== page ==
Milk – Our First and Most Basic Food.


Milk is never an acquired taste – we crave its creamy sweetness from the moment we enter the world.

Humans are the only species that drink milk after infancy – the milk of other species.

East Asians are intolerant of milk after infancy. This is the reason why North American dairies developed lactose-free milk.


, farmers discovered, could be obtained and successfully used as food, after wild cattle started grazing grain fields they had planted. First they killed the animals, but soon realized that their milk could be useful. Then farmers started using cattle to pull their ploughs, used the dung as fertilizer, and fuel. After their useful life, and reproduction, they were slaughtered, the meat consumed, and the hide converted to leather.

Mammary glands are common to all mammals, and in different places the milk of buffalo, goats, yaks, ewe, donkeys, horses and camels (even moose) is consumed.

Seals produce the most fatty milk of all, although, the milk of ewe and waterbuffalo is much richer than cow’s.

Before refrigeration, milk had to be consumed shortly after it was obtained, or converted to yoghurt, cheese, sour cream, kefir, or sour milk.

While East Asians are lactose intolerant, over 90 per cent of north Europeans are not, as a result of genetic mutation.

Originally, milk was much less poplar than it now. In the 19th century, it was considered a drink for the weak and effeminate.

Only when agriculture and its products became widely available dairies started promoting their merchandise, and to this day they continue the practice in the

U S A by means of Milk Marketing Boards, and in Canada by associations.

When Gail Borden, an American inventor, started marketing “condensed milk” in tin cans, milk became more popular, as it could be kept at room temperature for long periods. Sugar acted as the preservative.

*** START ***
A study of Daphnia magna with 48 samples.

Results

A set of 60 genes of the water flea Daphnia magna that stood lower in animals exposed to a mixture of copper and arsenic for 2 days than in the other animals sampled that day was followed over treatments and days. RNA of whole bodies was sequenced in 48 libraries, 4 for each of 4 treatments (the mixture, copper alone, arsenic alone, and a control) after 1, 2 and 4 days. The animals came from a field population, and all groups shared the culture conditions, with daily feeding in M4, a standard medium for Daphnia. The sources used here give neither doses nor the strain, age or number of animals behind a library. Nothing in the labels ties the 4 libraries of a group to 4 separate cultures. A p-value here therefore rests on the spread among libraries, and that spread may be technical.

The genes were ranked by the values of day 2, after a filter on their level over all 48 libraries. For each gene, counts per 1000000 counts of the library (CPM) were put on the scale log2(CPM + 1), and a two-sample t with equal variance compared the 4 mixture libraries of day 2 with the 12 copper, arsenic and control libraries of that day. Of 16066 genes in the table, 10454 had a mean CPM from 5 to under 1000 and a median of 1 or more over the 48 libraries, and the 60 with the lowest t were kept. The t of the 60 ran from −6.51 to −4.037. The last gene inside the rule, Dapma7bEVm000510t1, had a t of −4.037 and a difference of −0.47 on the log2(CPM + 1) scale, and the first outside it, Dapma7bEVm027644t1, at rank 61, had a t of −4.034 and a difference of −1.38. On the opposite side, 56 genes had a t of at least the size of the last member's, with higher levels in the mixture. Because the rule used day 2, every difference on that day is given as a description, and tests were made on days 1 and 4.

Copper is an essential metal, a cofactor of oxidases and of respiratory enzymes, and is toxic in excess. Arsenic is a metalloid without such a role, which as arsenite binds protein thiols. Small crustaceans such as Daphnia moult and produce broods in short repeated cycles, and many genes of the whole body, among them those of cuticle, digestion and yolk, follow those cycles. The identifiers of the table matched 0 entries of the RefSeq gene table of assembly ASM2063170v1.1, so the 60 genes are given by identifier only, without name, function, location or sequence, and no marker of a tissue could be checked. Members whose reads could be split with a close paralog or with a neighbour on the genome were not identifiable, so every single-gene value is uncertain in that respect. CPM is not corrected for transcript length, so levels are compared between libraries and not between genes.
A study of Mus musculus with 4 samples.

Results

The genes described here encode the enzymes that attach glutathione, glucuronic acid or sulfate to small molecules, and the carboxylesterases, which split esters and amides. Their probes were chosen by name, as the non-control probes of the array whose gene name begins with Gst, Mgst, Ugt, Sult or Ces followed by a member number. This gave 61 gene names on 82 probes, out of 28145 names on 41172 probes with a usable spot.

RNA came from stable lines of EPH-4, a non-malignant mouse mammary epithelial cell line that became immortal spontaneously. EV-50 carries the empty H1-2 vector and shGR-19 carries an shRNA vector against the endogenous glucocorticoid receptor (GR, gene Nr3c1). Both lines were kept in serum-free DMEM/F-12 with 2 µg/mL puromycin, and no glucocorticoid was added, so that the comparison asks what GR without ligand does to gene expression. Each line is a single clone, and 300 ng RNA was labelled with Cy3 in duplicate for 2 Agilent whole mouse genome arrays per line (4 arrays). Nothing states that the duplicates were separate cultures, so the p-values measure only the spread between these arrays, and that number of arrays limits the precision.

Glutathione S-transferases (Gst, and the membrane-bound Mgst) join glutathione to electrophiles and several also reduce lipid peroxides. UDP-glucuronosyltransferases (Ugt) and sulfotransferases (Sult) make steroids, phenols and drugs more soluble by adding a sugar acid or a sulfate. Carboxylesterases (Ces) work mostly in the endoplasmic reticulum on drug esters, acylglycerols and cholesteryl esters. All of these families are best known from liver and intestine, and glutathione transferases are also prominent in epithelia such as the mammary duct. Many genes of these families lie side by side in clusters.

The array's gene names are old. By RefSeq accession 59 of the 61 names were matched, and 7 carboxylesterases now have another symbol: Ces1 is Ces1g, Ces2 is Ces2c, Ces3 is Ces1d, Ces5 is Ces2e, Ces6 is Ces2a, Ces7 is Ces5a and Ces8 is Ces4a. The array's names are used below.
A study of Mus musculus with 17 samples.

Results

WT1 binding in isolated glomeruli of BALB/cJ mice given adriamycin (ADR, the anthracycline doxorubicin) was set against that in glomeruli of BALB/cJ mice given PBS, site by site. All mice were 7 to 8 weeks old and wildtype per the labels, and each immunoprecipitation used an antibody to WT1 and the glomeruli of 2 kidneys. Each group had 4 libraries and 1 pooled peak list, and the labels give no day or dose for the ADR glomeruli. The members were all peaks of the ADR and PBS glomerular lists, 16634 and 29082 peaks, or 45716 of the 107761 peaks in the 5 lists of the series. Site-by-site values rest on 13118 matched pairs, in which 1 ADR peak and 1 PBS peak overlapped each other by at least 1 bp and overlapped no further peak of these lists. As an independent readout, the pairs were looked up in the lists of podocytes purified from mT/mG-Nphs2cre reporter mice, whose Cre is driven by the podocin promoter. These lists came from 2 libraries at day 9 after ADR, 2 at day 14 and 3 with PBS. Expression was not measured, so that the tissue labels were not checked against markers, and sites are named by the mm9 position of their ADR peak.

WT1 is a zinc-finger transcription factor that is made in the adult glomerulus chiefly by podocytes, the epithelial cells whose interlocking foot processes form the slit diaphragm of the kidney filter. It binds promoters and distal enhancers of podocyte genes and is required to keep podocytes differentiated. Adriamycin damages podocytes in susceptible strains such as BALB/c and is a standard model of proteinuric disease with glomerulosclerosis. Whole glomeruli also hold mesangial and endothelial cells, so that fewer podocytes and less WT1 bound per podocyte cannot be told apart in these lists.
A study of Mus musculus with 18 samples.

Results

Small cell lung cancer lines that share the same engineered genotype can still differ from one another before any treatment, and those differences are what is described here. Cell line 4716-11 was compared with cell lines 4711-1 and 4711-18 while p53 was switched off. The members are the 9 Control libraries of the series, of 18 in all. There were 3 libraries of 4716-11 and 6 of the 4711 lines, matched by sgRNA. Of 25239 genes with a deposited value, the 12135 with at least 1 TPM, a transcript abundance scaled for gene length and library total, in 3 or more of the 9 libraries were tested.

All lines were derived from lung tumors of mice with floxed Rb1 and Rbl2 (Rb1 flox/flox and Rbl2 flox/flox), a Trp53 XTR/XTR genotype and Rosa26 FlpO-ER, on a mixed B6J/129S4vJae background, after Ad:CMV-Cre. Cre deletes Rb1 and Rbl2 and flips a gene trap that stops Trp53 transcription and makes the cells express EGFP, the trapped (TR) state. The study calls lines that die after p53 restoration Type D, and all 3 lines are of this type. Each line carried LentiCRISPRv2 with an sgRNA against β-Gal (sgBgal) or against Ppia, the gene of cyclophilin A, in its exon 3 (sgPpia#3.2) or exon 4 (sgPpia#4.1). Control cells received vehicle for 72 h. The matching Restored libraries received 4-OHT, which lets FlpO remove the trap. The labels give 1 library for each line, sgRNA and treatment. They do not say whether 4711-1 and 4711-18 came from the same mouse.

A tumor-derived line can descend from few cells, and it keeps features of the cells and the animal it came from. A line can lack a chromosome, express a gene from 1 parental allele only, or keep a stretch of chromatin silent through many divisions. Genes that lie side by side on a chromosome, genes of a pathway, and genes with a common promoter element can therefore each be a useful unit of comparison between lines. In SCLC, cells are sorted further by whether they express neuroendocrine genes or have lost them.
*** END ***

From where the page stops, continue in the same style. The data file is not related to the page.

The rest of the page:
Scientists knew fro a long time that fresh and infected milked cause tuberculosis, typhoid fever, and diphtheria. After Dr. L. Pasteur introduced the concept of pasteurization milk started to become popular. However, pasteurization kills pathogenic bacteria but also diminishes flavour.

In North America practically all jurisdictions prohibit un-pasteurized milk to be marketed, but proponents of un-pasteurized milk are making slow but successful attempts to, at least on a small scale make it legal.


farmers apply high technology techniques to their cows in an attempt to increase production, and to minimize contamination and diseases. Calves are separated shortly after birth from their mothers and fed with commercial formulas. The mother produces more milk for alctation and this increases output for the farmer. The mother cow is impregnated three months after birth again to keep production flowing.

Different breeds produce milk with varying levels of fat. The grass quality and composition contribute to flavour. In Canada 93 per cent of the herd is Holstein and which produces on average 8500 litres of milk. Growth hormones are used in the U S A to increase production, which is illegal in Canada

The following breeds are known for their high-quality milk – Jersey, Guernsey, Montbeliars, Abondance, American White park, Amerifax, Angelu cattle, Argentine criollo, Asturian Mountain, British white, Barossa, Canadienne, Devon, Dexter, Finnish cattle, Gloucester, Groningen, Kalmyk, Maine Anjou, Normande, Piedmontese, Simmental, Vosges, Holstein-Freisan, Swiss brown, Ayrshire, and Milking shorthorn

Mainstream natural milk in Canada contains 3.2 per cent fat, many consumers prefer one or two per cent butterfat, and some even fat free.

Dairies remove certain amounts of fat and divert it to 35 per cent butter fat (whipping cream), or 10 – 18 per cent coffee cream, butter and other by products.